I wanted to add a couple thoughts to what I wrote in my market letter last week about the current market moving, in case you still had concerns. Last weekend, financial blogger Ben Carlson pointed […]
The media is filled with speculation about effect of the Federal government shutdown on the stock market. Many worry about headlines that could put an end to the rally.
Neither worrying about this government shutdown nor past shutdowns themselves are unique experiences for stock investors. Historically speaking, the market doesn’t seem to care about whether Washington shows up for work as no recession or bear market had ever begun with, or was due to, a government shutdown.
Politics usually don’t matter all that much to the stock market. It’s economic news and corporate earnings that ultimately drive stock prices.
According to LPL Financial and FactSet, we’ve had 18 government shutdowns since 1976. They’ve ranged in length from one to 21 days. During those periods, there was an average loss for the S&P 500 of a whole 0.6%. Even the worst loss period, from September to October 1979, was a mere 4.4%. In that instance, the market made that back by the start of 1980. In the most recent closure, which lasted for 16 days in 2013, the S&P 500 actually gained 3.1%.
That shutdown in October 2013 did shave about half a percentage point off fourth-quarter economic growth that year, according to separate estimates from JPMorgan Chase and Moody’s Analytics.
“The market has seen this before, and while the short-term reaction is unpredictable, it tends to be short-lived,” says Oliver Pursche, chief market strategist at Bruderman Asset Management.
Seems to me that, as it typically does with news that is generally known, markets might already have priced this into prices. Either way, what matters for stock investors isn’t what happens over just the next few weeks. Markets move most on events that are from 3 to 30 months out…not 3-30 days.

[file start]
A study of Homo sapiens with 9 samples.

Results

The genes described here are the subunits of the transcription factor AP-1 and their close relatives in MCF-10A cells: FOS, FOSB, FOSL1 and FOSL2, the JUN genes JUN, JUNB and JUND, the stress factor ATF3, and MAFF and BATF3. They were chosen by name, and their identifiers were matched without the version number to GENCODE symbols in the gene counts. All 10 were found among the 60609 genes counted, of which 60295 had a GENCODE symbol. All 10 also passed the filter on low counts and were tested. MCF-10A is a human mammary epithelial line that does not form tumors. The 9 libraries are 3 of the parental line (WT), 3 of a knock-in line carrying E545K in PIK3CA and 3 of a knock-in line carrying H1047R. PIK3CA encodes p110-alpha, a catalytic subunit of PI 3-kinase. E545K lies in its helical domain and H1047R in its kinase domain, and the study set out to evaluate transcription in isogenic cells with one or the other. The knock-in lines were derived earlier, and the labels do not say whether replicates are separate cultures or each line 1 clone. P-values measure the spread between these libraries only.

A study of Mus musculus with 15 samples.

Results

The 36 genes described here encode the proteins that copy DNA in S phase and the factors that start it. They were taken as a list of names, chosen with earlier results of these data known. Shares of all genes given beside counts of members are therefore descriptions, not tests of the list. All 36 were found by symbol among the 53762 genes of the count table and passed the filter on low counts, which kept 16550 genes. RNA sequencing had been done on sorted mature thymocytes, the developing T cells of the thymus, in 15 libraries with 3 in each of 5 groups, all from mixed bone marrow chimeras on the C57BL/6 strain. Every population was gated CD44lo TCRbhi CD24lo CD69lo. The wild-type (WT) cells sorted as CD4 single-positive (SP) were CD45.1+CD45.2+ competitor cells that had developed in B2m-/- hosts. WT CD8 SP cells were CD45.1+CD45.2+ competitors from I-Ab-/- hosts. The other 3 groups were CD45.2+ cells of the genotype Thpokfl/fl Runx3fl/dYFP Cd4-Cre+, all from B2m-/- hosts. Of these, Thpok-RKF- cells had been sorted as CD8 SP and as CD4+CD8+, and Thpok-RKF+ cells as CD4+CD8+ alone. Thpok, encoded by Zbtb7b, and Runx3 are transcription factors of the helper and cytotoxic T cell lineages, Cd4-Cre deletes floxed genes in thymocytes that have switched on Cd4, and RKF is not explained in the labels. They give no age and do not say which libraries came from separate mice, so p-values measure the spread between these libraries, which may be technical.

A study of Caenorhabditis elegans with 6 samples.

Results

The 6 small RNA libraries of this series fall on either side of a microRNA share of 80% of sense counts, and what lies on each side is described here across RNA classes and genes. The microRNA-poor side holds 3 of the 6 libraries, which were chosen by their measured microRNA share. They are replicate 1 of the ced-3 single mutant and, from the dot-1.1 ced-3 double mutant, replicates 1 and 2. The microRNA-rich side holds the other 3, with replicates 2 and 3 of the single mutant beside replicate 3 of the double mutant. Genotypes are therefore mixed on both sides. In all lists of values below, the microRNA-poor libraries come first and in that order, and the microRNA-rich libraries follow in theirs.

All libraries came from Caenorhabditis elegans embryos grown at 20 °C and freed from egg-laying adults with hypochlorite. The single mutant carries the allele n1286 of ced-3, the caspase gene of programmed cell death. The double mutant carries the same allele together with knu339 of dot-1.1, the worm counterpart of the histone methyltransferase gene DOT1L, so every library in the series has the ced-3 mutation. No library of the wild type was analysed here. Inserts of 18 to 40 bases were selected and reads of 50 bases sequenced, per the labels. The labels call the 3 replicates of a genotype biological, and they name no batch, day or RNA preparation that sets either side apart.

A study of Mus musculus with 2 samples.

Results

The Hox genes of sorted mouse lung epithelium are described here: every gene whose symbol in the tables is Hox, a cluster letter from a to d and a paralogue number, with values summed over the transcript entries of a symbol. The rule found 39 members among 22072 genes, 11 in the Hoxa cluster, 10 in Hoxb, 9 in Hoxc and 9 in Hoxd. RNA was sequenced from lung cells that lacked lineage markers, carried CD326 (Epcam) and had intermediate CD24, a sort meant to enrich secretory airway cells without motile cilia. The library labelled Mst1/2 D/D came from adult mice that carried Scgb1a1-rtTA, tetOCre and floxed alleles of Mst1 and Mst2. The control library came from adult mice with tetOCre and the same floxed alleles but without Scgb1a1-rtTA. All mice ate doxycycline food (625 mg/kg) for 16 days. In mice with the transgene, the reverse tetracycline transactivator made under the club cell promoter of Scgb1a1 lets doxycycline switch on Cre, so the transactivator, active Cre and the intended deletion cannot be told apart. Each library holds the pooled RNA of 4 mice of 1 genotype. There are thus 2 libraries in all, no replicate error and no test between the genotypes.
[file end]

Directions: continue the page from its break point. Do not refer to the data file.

To put it another way, whether the government shuts down for a while shouldn’t meaningfully hit corporate profitability over the next one, two, three or more years. This is probably why none of the other 18 shutdowns since 1976 brought a meaningful downturn. Returns during the shutdowns themselves can vary, but returns afterward, much more often than not, have been positive.
Let’s consider some facts. Federal government spending and investment is just 6.7% of GDP and a short-lived shutdown will not wipe all of this out. While the federal government employs over 2.8 million people, this includes over 600,000 employees of the US Postal Service—they aren’t furloughed in a shutdown. Other “essential” government employees will also continue getting paid.
Those who do get some unwanted time off will probably receive their back pay once they’re back at work. That’s a way of saying the impact on consumer spending should be negligible.
More importantly, over 80% of US economic activity occurs in the private sector, where shutdowns have little influence. Markets are very much global today and the US market represents less than one-fourth of the global economy. They’ve grown – we didn’t shrink. Safe to say, a US government shutdown means next to nothing for firms in Europe and Asia.
Look past any short-term normal sentiment-driven wobbles or wiggles and stay focused on the longer term.
A month after a shutdown, the S&P 500 has averaged a return of 2.1 percent and traded positive 80 percent of the time. “Anyone with capital markets experience knows that US government shutdowns are largely meaningless in the context of financial asset values,” said Nicholas Colas, co-founder of DataTrek Research.
“The prospect of a government shutdown isn’t putting a lid on this boiling market—investors simply aren’t the least bit fazed,” said Mike Loewengart, vice president of investment strategy at E-Trade.
In summary, we expect any short-term volatility tied to this to pass quickly because stocks have been very good at moving on from shutdowns. This shutdown likely will have little effect on the stock market, corporate earnings and long-term economic growth, based on previous similar events.